FEATURE: Newer Laredo chess champion retains title during showdown

FEATURE: Newer Laredo chess champion retains title during showdown

By Matteo Fernandez
Bridge Staff Writer
Published Thursday, Sept. 14, 2023

Rising victorious during an event held in-part at TAMIU, a local student retained his title as a true chess champion.

Last year, Laredo College’s Cristian Bojorquez ended a more than 20-year Laredo championship reign held by Joel Sauceda (2000 to 2022). This year, on Sept. 3 at Lake Casa Blanca, Bojoroquez held his ground in the South Texas Chess Society’s second championship tournament, which began Sept. 2 with the first three rounds taking place at Texas A&M International University.

Champion Bojorquez with his trophy
Submitted photo
Cristian Bojorquez with his first-place trophy.

Entering the tournament, Bojorquez held a U.S. Chess Federation rating of 1,860, before going head-to-head with competitors Aaron Rodriguez (1,552), Jesus Alaniz (1,382) and Sauceda (1,893).

The tournament utilized a double round-robin format, where each player faced opponents twice, once as white and once as black.

What stood out during this competition was the players’ mutual respect for each other’s skills. They believed their opponents were underrated, particularly Rodriguez and Alaniz, underscoring the depth of talent in Laredo’s chess community. The average USCF national rating is 1,500. Sauceda and Bojorquez emerged as the frontrunners, setting the stage for a showdown.

“The toughest aspect of being a skilled chess player is that you can prepare rigorously for months and still face defeat,” Sauceda said, following his first loss to Bojorquez at TAMIU.

Sauceda vs. Rodriguez in a game of chess
Submitted photo
Joel Sauceda vs. Aaron Rodriguez in a game of chess during the tournament.

Sauceda added that chess saw a surge in interest, especially among younger players, during the height of the COVID-19 pandemic in 2020.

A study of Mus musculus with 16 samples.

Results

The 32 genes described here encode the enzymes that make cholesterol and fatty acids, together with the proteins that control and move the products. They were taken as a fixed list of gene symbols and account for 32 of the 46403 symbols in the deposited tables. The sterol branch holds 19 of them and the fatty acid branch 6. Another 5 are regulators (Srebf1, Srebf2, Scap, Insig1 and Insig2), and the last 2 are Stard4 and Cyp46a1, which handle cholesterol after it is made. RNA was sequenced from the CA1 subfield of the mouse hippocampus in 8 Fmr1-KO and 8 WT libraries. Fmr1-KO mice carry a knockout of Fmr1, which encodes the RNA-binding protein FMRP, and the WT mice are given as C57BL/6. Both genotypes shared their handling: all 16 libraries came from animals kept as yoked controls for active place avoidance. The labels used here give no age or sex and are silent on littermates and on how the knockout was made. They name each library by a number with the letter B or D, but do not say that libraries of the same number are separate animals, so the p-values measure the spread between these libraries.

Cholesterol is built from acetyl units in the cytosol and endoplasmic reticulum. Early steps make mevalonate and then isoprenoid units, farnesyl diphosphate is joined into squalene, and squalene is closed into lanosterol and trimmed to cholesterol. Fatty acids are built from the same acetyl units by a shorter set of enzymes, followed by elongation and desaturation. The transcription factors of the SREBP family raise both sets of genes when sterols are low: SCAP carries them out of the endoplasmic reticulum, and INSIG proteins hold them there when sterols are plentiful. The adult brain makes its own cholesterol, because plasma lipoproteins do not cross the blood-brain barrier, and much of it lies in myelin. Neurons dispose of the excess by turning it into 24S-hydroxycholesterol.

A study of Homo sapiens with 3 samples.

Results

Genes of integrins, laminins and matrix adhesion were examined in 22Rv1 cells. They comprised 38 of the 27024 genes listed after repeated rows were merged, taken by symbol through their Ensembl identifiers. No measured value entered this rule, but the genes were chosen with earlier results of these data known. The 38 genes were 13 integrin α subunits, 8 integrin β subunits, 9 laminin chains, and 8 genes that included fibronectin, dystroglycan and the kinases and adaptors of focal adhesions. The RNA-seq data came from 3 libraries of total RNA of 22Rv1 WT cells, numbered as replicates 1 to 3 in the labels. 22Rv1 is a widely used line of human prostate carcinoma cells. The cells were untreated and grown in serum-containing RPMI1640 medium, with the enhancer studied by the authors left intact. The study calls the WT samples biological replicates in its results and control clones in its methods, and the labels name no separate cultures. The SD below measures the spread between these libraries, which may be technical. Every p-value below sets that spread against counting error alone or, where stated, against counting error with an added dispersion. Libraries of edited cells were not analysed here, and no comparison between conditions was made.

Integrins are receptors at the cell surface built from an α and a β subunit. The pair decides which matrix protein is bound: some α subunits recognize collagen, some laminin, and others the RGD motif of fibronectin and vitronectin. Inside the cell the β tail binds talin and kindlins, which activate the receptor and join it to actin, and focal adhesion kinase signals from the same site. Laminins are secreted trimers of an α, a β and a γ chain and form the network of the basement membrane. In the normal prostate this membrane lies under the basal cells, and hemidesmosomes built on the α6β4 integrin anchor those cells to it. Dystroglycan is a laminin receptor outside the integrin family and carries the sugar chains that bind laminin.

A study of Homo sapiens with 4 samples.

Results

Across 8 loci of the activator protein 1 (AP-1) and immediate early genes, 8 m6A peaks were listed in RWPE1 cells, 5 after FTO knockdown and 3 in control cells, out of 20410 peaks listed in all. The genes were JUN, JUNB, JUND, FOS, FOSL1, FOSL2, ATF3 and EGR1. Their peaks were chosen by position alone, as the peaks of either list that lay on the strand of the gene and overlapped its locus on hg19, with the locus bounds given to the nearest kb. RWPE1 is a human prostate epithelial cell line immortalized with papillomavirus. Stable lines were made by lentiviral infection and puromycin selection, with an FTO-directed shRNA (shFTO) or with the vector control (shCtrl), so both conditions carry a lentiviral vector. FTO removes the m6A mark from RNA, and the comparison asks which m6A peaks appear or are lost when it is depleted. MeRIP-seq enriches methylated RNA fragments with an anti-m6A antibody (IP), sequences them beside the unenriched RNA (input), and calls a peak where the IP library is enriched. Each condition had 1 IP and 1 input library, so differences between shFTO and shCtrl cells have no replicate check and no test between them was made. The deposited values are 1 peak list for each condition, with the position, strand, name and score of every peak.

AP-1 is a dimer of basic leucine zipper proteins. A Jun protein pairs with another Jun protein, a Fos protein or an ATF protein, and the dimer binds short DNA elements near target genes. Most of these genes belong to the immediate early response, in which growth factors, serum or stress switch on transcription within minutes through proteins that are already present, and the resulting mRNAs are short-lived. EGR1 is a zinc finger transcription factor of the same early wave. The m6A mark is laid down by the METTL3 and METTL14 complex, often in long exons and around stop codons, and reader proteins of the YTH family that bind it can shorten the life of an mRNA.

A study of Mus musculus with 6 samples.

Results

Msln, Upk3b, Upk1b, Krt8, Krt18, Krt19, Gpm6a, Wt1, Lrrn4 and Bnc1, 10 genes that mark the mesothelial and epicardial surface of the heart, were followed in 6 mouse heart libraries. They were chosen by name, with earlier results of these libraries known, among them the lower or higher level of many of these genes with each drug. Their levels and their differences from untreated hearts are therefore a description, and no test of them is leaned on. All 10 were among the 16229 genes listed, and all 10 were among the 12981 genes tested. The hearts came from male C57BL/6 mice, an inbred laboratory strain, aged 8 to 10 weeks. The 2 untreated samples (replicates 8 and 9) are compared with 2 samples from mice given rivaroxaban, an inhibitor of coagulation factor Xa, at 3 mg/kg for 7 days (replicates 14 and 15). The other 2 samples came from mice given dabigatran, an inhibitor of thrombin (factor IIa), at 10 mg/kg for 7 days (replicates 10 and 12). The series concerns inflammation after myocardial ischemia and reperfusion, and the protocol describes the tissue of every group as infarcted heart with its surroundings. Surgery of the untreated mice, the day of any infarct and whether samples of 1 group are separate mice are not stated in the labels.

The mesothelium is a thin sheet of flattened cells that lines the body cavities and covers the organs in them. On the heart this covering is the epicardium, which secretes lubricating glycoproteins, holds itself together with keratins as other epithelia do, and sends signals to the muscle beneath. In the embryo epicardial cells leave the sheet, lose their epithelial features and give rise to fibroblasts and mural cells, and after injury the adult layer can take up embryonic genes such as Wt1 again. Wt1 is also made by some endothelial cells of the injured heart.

“The internet has equipped this new generation with the tools to study the game on their phones and computers,” he said. “Now, everyone has access.”

Bojorquez, originally from Nuevo Laredo, said chess engines like Stockfish, Fritz and Komodo helped improve his game.

“Playing against an engine is incredibly helpful, even though it can be humbling when it defeats you in just 15 moves,” Bojorquez said.

Sauceda and Bojorquez agreed that chess is not solely about memorization but understanding the underlying concepts behind each move. In their final encounter at Lake Casa Blanca, Sauceda offered a draw with just 40 seconds on his clock. Bojorquez accepted, securing his position as Laredo chess champion.

Four contestants in chess.
Submitted photo
All four chess competitors play a game during a round of the tournament.

It was only during the COVID-19 pandemic that discussions about challenging Sauceda’s dominance began, thanks to the efforts of the STCS in rejuvenating Laredo’s chess scene. The STCS, founded by Joseph Filazzola, Adan Gonzalez and Edgardo Tejada in 2021, played a role in reviving the local chess community, offering tournaments open to participants of all ages. The society meets every Wednesday at LVL2 Gaming, fostering a chess culture in Laredo.

For those interested in becoming part of Laredo’s chess scene, LVL2 Gaming is one of the many places to start.

“Real men settle their differences over the chessboard,” Sauceda concluded.